Student - April 22, 2016

Meanwhile in… Canada

In the news: In the remote Canadian village of Attawapiskat, there have been 101 suicide attempts since September, 11 of them in one day. The village is located in a First Nations reserve. What is driving so many people there to such despair?

Commentary by Alexandra Drozdowska, student of Environmental Sciences

‘When the colonists arrived in Canada, they made agreements with the First Nations. The indigenous population did not know what they were getting into and were severely disadvantaged. They were assigned small reserves to live in and they could not continue their way of life. The living conditions in these reserves are often poor. They are polluted by industry and the water is usually not drinkable.

The children of the First Nations were forcibly taken away from their parents and sent to boarding schools. According to the Canadian government, that was necessary "to kill the Indian in the child." They were often abused. When they returned they had forgotten their native tongue and culture, and felt westernized. Many of them drifted to the cities. But they did not feel at home there either, because people look down on the indigenous population. This leads to alcohol addiction, substance abuse and depression. This group had children themselves, but broken homes usually lead to broken people. This is a vicious circle which this community is trapped in.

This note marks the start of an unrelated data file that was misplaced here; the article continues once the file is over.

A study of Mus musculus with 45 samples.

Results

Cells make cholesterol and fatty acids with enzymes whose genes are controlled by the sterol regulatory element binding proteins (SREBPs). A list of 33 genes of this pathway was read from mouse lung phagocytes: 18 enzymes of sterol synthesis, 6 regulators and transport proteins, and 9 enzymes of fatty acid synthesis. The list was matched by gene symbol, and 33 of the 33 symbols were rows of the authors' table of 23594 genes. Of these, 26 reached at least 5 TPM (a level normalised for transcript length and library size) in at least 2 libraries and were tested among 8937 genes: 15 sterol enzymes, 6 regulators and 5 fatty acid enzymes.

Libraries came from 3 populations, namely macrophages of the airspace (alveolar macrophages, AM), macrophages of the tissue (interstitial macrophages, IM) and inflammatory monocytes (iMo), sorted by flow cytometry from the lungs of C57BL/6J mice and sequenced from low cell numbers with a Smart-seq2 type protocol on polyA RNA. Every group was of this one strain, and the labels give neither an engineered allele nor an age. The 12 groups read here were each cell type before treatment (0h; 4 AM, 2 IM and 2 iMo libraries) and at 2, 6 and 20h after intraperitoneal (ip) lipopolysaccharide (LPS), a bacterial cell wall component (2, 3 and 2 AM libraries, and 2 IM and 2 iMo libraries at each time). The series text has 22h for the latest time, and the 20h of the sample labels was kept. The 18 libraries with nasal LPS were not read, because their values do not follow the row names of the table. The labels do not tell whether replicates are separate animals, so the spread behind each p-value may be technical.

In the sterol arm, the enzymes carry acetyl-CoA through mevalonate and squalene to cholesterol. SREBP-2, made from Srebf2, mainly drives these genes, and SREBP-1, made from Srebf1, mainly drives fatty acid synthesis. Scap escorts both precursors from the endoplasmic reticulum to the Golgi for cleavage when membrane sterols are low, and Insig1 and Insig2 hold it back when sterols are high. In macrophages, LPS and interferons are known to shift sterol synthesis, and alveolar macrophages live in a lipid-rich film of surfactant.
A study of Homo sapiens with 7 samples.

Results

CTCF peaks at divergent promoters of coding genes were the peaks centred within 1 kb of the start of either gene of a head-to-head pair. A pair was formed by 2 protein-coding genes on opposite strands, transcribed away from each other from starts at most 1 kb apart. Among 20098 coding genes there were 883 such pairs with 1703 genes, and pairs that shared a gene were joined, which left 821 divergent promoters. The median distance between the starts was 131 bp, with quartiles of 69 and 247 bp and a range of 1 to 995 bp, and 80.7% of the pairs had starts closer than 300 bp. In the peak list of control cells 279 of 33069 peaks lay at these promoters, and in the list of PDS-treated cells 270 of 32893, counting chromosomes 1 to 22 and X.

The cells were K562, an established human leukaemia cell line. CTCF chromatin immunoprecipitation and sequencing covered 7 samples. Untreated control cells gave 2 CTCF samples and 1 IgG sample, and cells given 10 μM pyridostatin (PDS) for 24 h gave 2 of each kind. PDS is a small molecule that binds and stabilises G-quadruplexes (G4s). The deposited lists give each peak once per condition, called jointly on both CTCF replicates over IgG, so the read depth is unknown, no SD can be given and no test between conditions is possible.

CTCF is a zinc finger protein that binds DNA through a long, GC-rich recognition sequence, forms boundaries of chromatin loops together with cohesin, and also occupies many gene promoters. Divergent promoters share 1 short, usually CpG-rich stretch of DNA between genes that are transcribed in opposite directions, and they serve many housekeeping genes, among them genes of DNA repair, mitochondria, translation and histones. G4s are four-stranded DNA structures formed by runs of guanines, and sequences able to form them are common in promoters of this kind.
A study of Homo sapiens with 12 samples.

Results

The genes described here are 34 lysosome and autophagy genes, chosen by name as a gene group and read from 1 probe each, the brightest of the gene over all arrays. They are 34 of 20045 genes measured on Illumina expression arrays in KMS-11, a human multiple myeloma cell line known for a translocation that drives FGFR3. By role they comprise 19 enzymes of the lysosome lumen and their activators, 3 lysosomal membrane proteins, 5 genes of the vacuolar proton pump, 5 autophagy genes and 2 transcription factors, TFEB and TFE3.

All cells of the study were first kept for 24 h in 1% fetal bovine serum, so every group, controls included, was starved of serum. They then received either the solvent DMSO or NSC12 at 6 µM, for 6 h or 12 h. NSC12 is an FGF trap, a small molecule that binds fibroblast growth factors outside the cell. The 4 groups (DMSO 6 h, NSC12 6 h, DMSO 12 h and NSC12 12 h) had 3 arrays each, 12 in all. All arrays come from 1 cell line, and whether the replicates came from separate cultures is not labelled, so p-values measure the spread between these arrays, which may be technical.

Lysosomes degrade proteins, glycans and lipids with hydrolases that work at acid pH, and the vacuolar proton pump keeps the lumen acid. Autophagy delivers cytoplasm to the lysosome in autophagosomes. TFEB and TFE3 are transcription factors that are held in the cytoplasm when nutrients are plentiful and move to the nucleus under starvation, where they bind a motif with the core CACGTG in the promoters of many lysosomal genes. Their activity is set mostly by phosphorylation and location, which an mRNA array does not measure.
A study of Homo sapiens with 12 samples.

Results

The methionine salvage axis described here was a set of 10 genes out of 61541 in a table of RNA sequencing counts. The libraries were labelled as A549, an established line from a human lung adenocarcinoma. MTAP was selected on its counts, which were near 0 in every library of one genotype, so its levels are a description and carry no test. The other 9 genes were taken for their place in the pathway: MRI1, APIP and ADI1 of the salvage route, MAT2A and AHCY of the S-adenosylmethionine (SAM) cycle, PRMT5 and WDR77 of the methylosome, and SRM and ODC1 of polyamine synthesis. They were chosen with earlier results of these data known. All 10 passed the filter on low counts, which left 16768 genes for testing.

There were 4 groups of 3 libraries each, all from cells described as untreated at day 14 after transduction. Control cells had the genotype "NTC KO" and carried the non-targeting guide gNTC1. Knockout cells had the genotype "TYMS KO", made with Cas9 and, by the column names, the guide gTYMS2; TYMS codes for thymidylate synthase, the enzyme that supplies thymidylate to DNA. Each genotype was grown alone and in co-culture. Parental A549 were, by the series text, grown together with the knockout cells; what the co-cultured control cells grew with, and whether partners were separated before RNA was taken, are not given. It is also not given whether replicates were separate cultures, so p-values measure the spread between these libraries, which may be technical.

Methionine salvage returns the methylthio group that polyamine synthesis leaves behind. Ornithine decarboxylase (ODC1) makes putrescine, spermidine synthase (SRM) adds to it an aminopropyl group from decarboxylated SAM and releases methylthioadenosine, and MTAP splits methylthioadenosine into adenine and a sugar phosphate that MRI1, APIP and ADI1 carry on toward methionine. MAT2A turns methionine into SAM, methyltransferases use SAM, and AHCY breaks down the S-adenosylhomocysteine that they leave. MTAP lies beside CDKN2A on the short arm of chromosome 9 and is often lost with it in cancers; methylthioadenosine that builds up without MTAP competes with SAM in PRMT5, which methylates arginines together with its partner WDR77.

The last boarding school closed in 1996 and the government offered formal apologies in 2008. Yet it is still a deep wound.

Currently, there is the 'Idle No More' movement, which is dedicated to stopping the legislative and social subordination of the indigenous population. The government is trying to improve the situation too. At last there is funding for mental health care and for clean drinking water. But until real improvements are visible, I have my doubts. After all, the politicians have been talking about this for many years.

During carnival many people dress up as Indians. People do it for fun, but they do not live with the stigma that the First Nations live with. I think it would be better if people stopped dressing up like Indians. First Nations will then not feel they are a joke.’